Ontario lockdown measures effective at stopping COVID-19 spread: study

Dec 2 2020, 11:59 am

A new study shows that the COVID-19 measures implemented by the Ontario government in the first wave were effective at curbing the spread of the virus.

The study was led by York University professor Jianhong Wu, the founding director of the school’s Laboratory for Industrial and Applied Mathematics.

Using a model-based analysis, researchers found that government interventions, such as lockdowns, physical distancing, and school and business closures, had a “substantial and positive effect” on stopping the spread of COVID-19 in Ontario.

The interventions helped to reduce the number of contacts people had, and also altered who they were in contact with, according to a release from York University.

Between the start of Ontario’s first lockdown in March and when it ended on May 16, people’s individual contacts decreased from just over 12 a day to just under seven a day – a drop of 46%.

In the same timeframe, household contacts increased by 51%.

According to York University, the researchers developed a new methodology that looked at variables such as age and exposure setting in order to better understand transmission rates and contact mixing patterns.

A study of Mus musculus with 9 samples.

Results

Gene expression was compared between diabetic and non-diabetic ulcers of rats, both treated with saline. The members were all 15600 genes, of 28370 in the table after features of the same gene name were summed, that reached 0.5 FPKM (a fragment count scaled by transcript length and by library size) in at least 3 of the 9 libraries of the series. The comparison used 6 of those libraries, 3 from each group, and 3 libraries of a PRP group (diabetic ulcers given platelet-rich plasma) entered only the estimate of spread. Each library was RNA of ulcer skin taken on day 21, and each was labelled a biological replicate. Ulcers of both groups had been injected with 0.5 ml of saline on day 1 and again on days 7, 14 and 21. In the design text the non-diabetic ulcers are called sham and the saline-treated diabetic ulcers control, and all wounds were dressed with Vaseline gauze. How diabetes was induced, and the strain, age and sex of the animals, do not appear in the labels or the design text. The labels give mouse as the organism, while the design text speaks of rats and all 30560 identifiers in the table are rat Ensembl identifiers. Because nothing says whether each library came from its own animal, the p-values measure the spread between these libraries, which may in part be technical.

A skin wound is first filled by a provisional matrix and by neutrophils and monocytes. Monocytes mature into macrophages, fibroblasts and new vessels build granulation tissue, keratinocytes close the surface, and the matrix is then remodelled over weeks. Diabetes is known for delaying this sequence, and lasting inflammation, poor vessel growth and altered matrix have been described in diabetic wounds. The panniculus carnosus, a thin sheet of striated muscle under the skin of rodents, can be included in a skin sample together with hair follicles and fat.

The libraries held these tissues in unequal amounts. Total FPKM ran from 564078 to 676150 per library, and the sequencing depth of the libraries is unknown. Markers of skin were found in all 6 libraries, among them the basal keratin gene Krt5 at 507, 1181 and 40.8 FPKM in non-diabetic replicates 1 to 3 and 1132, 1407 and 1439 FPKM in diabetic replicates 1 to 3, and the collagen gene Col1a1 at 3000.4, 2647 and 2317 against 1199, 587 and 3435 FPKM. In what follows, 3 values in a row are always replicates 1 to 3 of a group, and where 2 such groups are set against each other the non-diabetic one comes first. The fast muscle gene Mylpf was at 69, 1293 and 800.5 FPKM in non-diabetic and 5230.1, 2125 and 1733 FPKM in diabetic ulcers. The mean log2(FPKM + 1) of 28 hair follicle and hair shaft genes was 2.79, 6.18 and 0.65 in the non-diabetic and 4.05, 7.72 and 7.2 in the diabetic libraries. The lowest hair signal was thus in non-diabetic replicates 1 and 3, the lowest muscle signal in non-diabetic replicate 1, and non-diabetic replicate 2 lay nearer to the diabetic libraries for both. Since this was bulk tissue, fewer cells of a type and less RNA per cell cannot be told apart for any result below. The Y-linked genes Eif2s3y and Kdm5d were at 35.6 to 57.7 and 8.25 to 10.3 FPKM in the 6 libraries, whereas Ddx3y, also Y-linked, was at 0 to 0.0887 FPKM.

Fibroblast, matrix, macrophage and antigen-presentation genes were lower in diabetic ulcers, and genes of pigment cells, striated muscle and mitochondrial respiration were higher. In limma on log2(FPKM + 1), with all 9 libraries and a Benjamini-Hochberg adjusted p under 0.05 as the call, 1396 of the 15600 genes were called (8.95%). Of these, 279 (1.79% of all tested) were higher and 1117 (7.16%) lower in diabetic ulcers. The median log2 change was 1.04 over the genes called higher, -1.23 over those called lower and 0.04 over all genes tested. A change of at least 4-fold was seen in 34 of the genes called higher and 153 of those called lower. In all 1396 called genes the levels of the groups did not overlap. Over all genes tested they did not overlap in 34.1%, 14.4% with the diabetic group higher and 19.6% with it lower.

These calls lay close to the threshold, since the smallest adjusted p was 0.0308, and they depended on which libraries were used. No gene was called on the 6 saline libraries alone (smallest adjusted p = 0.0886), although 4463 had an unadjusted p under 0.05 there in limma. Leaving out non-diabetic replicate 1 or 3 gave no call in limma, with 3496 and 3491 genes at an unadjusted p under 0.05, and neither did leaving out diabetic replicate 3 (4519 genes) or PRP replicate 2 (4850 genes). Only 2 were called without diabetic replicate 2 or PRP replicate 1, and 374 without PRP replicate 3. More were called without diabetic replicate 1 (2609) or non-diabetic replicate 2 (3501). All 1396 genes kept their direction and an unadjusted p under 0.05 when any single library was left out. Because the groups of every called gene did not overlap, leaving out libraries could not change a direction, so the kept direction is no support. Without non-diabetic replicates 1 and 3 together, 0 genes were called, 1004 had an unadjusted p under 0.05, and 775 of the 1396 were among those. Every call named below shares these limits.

They then looked at how effective government-mandated measures were on the spread of COVID-19.

“These assessments are essential to avoid increases in transmission in vulnerable populations and to plan a smart relaxation of measures that will still protect these populations and inform expected outcomes,” Wu said in the release.

“One of these may be a reintroduction of measures, but more targeted and informed by its induced shift of contacts, in the case of a resurgence.”

The researchers also found that, if they came into contact with COVID-19, those aged 17 and younger had less than a 3% chance of developing an infection. Seniors had more than a 50% chance of becoming infected if they were exposed to the virus.

The team said “timely and stringent non-pharmacological interventions” are effective at stopping the spread of an outbreak if they are enforced until the transmission of the virus has been significantly reduced.

Since the onset of the second wave of the virus, Ontario has introduced a new colour-coded COVID-19 system. Public health regions across the province face varying restrictions under the new framework, from preventative measures to full lockdowns.

Ontario reported 1,723 new COVID-19 cases on December 2. The province has seen a total of 119,922 cases and 3,698 deaths since the start of the pandemic.